The addition of trees to your home's landscape can be beneficial when it comes to taking advantage of the shade and beauty these majestic plants provide. Unfortunately, many homeowners make the mistake of thinking their trees can make it through the winter without any preparation. Taking the time to properly prepare your trees to withstand the cold winter temperatures can ensure that your trees mature properly.

Here are three tips you can use to ensure your trees are prepared to withstand cold weather in the future.

1. Keep your trees warm by wrapping them.

Exposure to extreme cold can be detrimental for the trees in your home's landscape. As cold weather sets in, you may notice that there is an extreme difference between the cold temperatures your area experiences at night and the somewhat warmer temperatures associated with sun exposure during the day. These temperature fluctuations could cause cracks to develop between the bark and the inner wood of your trees -- a condition known as frost cracking.

To prevent frost cracking from compromising the health of your trees, wrap the trunks in specialized blankets designed to insulate against extreme temperature changes as soon as you notice temperatures beginning to drop.

2. Time your pruning appropriately.

Many homeowners prune their trees to help control growth patterns. Timing your pruning activities correctly can be critical when it comes to protecting the trees in your home's landscape from cold-induced damage. You should wait until your trees have gone into dormancy in the fall before pruning.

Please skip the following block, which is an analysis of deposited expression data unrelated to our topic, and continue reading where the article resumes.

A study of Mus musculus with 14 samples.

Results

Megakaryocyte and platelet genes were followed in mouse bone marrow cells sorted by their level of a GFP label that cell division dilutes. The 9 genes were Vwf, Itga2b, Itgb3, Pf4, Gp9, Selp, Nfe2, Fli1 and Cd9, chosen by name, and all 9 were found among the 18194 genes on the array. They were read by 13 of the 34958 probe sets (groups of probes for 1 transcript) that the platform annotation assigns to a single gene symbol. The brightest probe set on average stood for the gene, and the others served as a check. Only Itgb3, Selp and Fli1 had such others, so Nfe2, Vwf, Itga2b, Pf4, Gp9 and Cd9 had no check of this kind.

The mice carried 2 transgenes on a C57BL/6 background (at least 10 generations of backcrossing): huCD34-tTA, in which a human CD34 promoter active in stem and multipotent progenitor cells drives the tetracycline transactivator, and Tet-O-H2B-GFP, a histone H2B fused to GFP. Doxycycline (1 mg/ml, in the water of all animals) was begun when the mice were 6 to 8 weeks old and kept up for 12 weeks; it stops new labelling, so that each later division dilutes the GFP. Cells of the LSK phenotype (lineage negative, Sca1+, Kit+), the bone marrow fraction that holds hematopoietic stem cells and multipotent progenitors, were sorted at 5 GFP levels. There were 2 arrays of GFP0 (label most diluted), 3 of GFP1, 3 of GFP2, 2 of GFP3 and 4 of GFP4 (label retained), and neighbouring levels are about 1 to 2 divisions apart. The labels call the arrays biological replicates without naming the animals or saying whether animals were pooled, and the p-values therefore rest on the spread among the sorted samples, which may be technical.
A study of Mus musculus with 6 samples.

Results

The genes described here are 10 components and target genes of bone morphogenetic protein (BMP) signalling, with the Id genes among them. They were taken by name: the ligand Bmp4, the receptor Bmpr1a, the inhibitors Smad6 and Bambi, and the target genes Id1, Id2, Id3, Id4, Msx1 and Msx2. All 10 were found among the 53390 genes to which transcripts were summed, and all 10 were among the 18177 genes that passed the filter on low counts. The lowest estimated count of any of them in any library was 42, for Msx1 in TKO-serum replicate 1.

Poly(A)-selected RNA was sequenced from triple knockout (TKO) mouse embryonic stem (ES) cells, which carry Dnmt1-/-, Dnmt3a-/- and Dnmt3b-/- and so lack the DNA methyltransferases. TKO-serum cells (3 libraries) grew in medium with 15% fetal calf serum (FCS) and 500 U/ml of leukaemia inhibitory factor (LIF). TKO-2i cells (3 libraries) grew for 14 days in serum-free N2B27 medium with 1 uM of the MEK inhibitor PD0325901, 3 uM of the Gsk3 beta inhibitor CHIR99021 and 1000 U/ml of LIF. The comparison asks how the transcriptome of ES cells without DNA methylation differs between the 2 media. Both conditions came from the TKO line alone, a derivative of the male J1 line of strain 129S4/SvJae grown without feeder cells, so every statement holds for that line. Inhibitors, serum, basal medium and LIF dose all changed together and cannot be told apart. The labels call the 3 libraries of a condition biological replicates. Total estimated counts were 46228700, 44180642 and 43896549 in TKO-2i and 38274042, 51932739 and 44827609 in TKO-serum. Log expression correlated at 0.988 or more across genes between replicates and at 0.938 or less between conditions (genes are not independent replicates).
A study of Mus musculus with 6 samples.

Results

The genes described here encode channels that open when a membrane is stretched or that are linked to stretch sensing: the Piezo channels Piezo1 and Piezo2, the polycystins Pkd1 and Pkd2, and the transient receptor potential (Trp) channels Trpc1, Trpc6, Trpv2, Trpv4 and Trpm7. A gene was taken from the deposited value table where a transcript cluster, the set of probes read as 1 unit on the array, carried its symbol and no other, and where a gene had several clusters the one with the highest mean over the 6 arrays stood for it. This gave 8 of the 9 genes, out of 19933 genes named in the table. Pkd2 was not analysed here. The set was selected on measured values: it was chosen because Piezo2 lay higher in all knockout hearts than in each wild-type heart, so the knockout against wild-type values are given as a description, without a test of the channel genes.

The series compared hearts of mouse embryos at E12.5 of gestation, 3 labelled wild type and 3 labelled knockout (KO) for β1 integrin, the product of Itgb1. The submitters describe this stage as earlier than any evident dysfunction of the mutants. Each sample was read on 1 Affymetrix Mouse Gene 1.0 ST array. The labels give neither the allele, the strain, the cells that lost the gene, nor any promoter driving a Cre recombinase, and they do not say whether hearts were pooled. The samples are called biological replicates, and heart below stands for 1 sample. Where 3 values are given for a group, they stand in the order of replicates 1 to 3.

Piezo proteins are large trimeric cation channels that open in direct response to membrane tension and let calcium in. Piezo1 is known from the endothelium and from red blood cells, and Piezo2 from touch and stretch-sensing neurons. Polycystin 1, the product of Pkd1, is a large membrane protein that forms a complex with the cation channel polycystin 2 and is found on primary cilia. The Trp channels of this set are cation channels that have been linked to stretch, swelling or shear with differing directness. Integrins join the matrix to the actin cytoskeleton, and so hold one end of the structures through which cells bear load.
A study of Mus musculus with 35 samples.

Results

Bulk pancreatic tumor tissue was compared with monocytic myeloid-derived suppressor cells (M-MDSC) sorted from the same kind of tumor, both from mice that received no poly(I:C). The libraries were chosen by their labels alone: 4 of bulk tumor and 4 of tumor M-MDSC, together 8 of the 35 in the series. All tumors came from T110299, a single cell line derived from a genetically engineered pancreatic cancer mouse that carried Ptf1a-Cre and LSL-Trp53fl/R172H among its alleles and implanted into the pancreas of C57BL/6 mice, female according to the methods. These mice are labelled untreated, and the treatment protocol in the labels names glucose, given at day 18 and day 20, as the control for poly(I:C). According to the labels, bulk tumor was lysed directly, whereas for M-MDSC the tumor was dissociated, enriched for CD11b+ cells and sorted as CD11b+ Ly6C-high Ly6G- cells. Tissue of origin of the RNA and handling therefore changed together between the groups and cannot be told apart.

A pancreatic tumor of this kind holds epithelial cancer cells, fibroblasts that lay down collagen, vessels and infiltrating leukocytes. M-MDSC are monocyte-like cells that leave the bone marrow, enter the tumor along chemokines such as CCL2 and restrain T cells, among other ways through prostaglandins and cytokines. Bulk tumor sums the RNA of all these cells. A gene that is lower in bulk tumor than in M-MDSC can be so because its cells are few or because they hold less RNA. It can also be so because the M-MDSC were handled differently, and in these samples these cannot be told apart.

Sometimes pruning can encourage new growth if the tree is not dormant, and this new growth will not have time to become strong and established before winter when you prune in the fall. Cold temperatures will cause the cell walls on newly grown branches to rupture, resulting in significant die-off the following spring. Waiting until after your trees become dormant to prune is a simple way to guard against permanent damage during cold weather.

3. Mulch your trees before winter sets in.

Winter drought is a problem that can cause mature trees to dry out during the cold months. If your trees are unable to draw enough moisture from the frozen ground, they will begin to dry out and die.

Covering the base of your trees with an organic mulch will help you create a moisture barrier that can capture runoff and help stave off winter drought. Mulch also provide the added benefit of insulating the roots of your trees to keep them warm during cold winters.

Preparing your trees to withstand the winter cold is essential if you want them to remain a healthy and aesthetically pleasing component in your home's landscape design. For assistance with tree care, get in touch with a company like Able Scape, Inc.